Psychology & Psychiatry

Patients with both schizophrenia and epilepsy die alarmingly early

More than one in four patients with schizophrenia and epilepsy die before reaching the age of fifty. This is shown by research from Aarhus University and Aarhus University Hospital. The results, which have been published ...

Psychology & Psychiatry

Researchers seek 'fingerprints' of severe mental diseases

Researchers from McLean Hospital and Yale University have published findings of their study of large-scale systems in the brain, findings that could improve understanding of the symptoms and causes of bipolar disorder, schizophrenia, ...

Psychology & Psychiatry

Researchers have identified the first human-specific fusion gene

University at Buffalo researchers have identified the first human-specific fusion gene—a hybrid of two genes—implicated in Alzheimer's disease. The finding suggests that a neurotransmitter receptor, previously successful ...

Psychology & Psychiatry

Study suggests overdiagnosis of schizophrenia

In a small study of patients referred to the Johns Hopkins Early Psychosis Intervention Clinic (EPIC), Johns Hopkins Medicine researchers report that about half the people referred to the clinic with a schizophrenia diagnosis ...

Psychology & Psychiatry

Texting to improve health outcomes for people with schizophrenia

Texting patients with schizophrenia and their lay health supporters in a resource-poor community setting is more effective than a free-medicine program alone in improving medication adherence and reducing relapses and re-hospitalizations, ...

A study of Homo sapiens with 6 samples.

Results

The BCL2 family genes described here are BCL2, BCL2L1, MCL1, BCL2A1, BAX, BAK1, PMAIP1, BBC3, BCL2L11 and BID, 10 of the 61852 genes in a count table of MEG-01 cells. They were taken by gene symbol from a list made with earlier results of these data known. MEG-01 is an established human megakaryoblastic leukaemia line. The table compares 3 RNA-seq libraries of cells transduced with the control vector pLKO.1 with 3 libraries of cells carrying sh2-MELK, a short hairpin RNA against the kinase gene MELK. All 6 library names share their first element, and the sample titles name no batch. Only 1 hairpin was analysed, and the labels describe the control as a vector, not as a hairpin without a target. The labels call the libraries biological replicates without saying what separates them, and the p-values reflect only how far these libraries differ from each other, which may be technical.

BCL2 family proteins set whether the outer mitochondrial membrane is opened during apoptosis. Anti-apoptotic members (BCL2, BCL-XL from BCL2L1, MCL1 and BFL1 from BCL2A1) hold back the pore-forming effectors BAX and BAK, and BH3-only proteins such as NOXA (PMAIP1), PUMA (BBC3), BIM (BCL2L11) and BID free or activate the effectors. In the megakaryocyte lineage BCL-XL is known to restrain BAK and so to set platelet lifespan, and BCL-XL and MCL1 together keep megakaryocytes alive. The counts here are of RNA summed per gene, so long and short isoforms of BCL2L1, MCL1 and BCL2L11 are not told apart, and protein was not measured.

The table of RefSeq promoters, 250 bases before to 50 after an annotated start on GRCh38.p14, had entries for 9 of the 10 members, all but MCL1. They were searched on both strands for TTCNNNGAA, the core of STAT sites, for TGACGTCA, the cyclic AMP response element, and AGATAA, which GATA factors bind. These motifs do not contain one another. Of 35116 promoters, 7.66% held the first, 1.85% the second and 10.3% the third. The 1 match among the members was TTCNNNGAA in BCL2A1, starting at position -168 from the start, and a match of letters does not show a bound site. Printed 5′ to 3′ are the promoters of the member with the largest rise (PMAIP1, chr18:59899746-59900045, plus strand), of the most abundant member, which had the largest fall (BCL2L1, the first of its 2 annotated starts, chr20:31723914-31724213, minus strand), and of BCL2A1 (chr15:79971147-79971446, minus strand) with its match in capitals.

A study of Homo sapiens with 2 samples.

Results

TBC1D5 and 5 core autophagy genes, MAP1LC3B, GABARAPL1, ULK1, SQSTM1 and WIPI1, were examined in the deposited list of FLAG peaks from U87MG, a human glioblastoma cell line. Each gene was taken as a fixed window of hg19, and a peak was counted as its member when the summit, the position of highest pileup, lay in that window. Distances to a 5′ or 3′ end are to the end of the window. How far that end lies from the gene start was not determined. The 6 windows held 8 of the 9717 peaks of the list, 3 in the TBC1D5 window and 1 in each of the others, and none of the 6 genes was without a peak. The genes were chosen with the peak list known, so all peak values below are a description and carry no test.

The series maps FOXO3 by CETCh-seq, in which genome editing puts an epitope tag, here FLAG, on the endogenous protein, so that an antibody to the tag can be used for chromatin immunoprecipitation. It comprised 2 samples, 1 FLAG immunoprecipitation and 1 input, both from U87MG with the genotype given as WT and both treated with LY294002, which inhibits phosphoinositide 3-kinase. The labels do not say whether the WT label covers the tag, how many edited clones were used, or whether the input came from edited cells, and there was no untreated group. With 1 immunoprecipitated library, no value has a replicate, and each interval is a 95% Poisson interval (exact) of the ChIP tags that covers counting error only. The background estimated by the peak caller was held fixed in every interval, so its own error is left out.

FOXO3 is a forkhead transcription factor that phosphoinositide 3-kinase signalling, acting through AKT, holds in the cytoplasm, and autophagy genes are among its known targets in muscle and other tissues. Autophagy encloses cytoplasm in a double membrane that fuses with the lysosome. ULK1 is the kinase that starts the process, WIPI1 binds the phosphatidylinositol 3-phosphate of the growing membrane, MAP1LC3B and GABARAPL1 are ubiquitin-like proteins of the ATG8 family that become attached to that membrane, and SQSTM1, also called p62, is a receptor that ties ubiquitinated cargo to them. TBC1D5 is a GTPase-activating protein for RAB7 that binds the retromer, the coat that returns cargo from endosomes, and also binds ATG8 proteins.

Genetics, early environment, neurobiology, and psychological and social processes appear to be important contributory factors; some recreational and prescription drugs appear to cause or worsen symptoms. Current research is focused on the role of neurobiology, although no single isolated organic cause has been found. The many possible combinations of symptoms have triggered debate about whether the diagnosis represents a single disorder or a number of discrete syndromes. Despite the etymology of the term from the Greek roots skhizein (σχίζειν, "to split") and phrēn, phren- (φρήν, φρεν-; "mind"), schizophrenia does not imply a "split mind" and it is not the same as dissociative identity disorder—also known as "multiple personality disorder" or "split personality"—a condition with which it is often confused in public perception.

The mainstay of treatment is antipsychotic medication, which primarily suppresses dopamine (and sometimes serotonin) receptor activity. Psychotherapy and vocational and social rehabilitation are also important in treatment. In more serious cases—where there is risk to self and others—involuntary hospitalization may be necessary, although hospital stays are now shorter and less frequent than they once were.

The disorder is thought mainly to affect cognition, but it also usually contributes to chronic problems with behavior and emotion. People with schizophrenia are likely to have additional (comorbid) conditions, including major depression and anxiety disorders; the lifetime occurrence of substance abuse is almost 50%. Social problems, such as long-term unemployment, poverty and homelessness, are common. The average life expectancy of people with the disorder is 12 to 15 years less than those without, the result of increased physical health problems and a higher suicide rate (about 5%).